Canis ISSN: 2398-2942

Heart: 3rd degree atrioventricular block

Synonym(s): Complete heart block

Contributor(s): Barrett Bulmer, Mark Rishniw, Simon Swift

Introduction

  • Cause: complete failure of conduction from the atria to the ventricles.
  • Signs: causes weakness, syncope and (rarely), congestive heart failure.
  • Diagnosis: electrocardiograph shows no relationship of P waves to QRS complexes. Ventricles develop their own pacemaker independent of the atrial pacemaker.
  • Treatment: medical treatment usually ineffective. Requires pacemaker implantation.
  • Prognosis: guarded with medical therapy. Can be good following successful pacemaker implantation.

Pathogenesis

Etiology

Predisposing factors

General
  • Exercise or excitement can precipitate syncope or sudden death.

Pathophysiology

  • Lesion in conducting pathways prevents transmission of the impulse from the pacemaker region in the atria to the ventricles. Hence the atria beat at their own (usually rapid) rate, and the ventricles beat at an independent slower rate.
  • The lesion can occur in the AV node or junction, bundle of HIS, or as a progression of bundle branch block when all three are affected.
  • Ventricular pacemaker can arise from the lower AV node or bundles, producing a junctional escape with normal QRS complexes at approximately 40-60 per min. Alternatively, the Purkinje cells may form the pacemaker, producing ventricular escape complexes with abnormal QRS complexes at a rate of 15-40 per min.
  • Sudden death or syncope may result from sudden asystole, or the development of tachyarrhythmias leading to circulatory arrest (rare).
  • Atrial contraction on a closed AV valve cause cannon 'a' jugular waves.

Timecourse

  • Without treatment clinical signs persist and sudden death or a decision for euthanasia may occur.
  • A recent report identifed 12 out of 63 dogs with high grade second degree or third degree AV block that did not receive pacemakers, died suddenly within the first 30 days of diagnosis.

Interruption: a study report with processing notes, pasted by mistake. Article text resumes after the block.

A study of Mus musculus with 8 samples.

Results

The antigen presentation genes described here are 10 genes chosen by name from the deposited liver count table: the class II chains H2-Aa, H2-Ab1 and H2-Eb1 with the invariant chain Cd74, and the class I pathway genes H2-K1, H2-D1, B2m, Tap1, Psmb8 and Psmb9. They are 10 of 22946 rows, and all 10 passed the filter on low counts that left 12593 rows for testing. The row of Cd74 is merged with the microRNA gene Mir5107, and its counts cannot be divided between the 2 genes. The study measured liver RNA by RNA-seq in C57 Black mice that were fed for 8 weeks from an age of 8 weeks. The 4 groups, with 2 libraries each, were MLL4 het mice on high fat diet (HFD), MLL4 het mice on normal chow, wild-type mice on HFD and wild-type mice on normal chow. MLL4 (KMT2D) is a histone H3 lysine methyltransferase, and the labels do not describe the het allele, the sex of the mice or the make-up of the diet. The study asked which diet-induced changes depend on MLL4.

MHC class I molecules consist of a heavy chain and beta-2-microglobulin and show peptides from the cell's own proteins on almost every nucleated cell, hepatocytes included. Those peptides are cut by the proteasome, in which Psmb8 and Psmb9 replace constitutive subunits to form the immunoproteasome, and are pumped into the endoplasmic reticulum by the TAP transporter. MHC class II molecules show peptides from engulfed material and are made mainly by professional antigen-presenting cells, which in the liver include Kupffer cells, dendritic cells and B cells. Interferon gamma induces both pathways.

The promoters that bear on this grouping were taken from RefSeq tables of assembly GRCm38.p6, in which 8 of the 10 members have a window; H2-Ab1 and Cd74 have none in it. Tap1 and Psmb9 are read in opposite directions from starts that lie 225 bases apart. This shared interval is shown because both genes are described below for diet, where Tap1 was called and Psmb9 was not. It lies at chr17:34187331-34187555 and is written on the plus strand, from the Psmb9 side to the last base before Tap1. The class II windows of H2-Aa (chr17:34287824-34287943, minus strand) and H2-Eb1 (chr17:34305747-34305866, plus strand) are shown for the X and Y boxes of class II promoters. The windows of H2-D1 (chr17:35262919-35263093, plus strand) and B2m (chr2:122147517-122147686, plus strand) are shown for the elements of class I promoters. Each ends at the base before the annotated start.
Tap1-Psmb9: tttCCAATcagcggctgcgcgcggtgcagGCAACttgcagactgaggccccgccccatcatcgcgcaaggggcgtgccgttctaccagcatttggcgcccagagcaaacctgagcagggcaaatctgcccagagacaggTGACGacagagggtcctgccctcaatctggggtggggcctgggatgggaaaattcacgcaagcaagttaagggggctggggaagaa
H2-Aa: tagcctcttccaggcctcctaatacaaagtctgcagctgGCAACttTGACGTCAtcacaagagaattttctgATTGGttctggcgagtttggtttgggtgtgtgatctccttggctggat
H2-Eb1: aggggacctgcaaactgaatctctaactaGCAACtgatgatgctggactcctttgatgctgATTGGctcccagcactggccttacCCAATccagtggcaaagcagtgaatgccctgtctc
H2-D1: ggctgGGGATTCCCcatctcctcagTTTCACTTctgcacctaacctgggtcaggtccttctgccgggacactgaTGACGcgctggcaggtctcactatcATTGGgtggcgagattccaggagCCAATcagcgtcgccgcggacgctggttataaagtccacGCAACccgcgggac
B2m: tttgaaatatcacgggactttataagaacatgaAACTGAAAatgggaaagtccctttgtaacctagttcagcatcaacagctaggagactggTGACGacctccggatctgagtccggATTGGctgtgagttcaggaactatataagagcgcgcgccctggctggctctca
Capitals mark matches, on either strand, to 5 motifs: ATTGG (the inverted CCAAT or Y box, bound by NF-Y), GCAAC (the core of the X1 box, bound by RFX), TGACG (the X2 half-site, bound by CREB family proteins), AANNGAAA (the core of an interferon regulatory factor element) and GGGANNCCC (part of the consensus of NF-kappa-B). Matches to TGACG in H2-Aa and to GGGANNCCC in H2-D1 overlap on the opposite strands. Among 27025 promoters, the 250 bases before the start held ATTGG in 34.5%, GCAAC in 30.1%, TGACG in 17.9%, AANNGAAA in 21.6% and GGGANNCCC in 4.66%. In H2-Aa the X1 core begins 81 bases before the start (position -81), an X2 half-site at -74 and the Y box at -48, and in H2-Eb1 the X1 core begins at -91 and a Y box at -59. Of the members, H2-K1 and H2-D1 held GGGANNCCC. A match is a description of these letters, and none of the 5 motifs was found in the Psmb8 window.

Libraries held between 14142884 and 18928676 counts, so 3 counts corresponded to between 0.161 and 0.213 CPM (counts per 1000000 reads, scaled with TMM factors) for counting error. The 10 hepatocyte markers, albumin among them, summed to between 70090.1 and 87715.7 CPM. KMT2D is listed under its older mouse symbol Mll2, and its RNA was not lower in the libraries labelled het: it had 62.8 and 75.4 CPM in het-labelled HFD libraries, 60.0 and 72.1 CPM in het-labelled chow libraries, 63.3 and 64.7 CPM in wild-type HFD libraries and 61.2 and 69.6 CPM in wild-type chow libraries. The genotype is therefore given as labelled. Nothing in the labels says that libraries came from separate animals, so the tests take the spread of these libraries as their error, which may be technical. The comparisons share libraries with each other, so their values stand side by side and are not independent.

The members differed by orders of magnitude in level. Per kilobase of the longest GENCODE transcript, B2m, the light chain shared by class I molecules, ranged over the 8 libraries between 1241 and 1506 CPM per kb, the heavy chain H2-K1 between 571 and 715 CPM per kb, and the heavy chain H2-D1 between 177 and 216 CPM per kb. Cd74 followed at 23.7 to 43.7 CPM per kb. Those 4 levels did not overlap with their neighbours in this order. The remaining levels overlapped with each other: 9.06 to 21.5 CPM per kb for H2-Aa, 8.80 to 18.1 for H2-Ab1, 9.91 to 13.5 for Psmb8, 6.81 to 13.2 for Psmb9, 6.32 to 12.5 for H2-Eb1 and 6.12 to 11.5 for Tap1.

• Following pacemaker implantation the clinical signs usually resolve. The survival time is variable but often dogs can live a normal life span.

Diagnosis




Publications

Refereed papers

  • Recent references from PubMed and VetMedResource.
  • Bulmer B J, Sisson D D, Oyama M A et al (2006) Physiologic VDD versus non-physiologic VVI pacing in canine third degree atrioventricular block. J Vet Intern Med 20, 257-271 PubMed.
  • Schrope D P, Kelch W J (2006) Signalment, clinical signs, and prognostic indicators associated with high-grade second- or third-degree atrioventricular block in dogs: 124 cases (January 1, 1997-December 31, 1997). JAVMA 228, 1710-1717 PubMed.
  • Wess G, Thomas W P, Berger D M et al (2006) Applications, and outcomes of transvenous pacemaker implantation in 105 dogs (1997-2002). J Vet Intern Med 20 (4), 877-884 PubMed.
  • Oyama M A, Sisson D D, Lehmkuhl L B (2001) Practices and outcome of artificial cardiac pacing in 154 dogs. J Vet Intern Med 15, 229-239 PubMed.

Other sources of information

  • Ettinger S (2005)Electrocardiography and Cardiac Arrhythmias.In:Textbook of Veterinary Internal Medicine.6th edn. Eds Ettinger & Feldman. pp 1065-1066 and 1075-1076.
  • Martin M (1998)Arrhythmias.In:Manual of Small Animal Cardiorespiratory Medicine and Surgery.Eds V Luis-Fuentes & S Swift. CheltenhamBSAVA.
  • Darke P G Get al(1996)Color Atlas of Veterinary Cardiology.pp 154-159.
  • Tilley L P (1992)Essentials of Canine and Feline Electrocardiography.3rd edn. pp 175-178.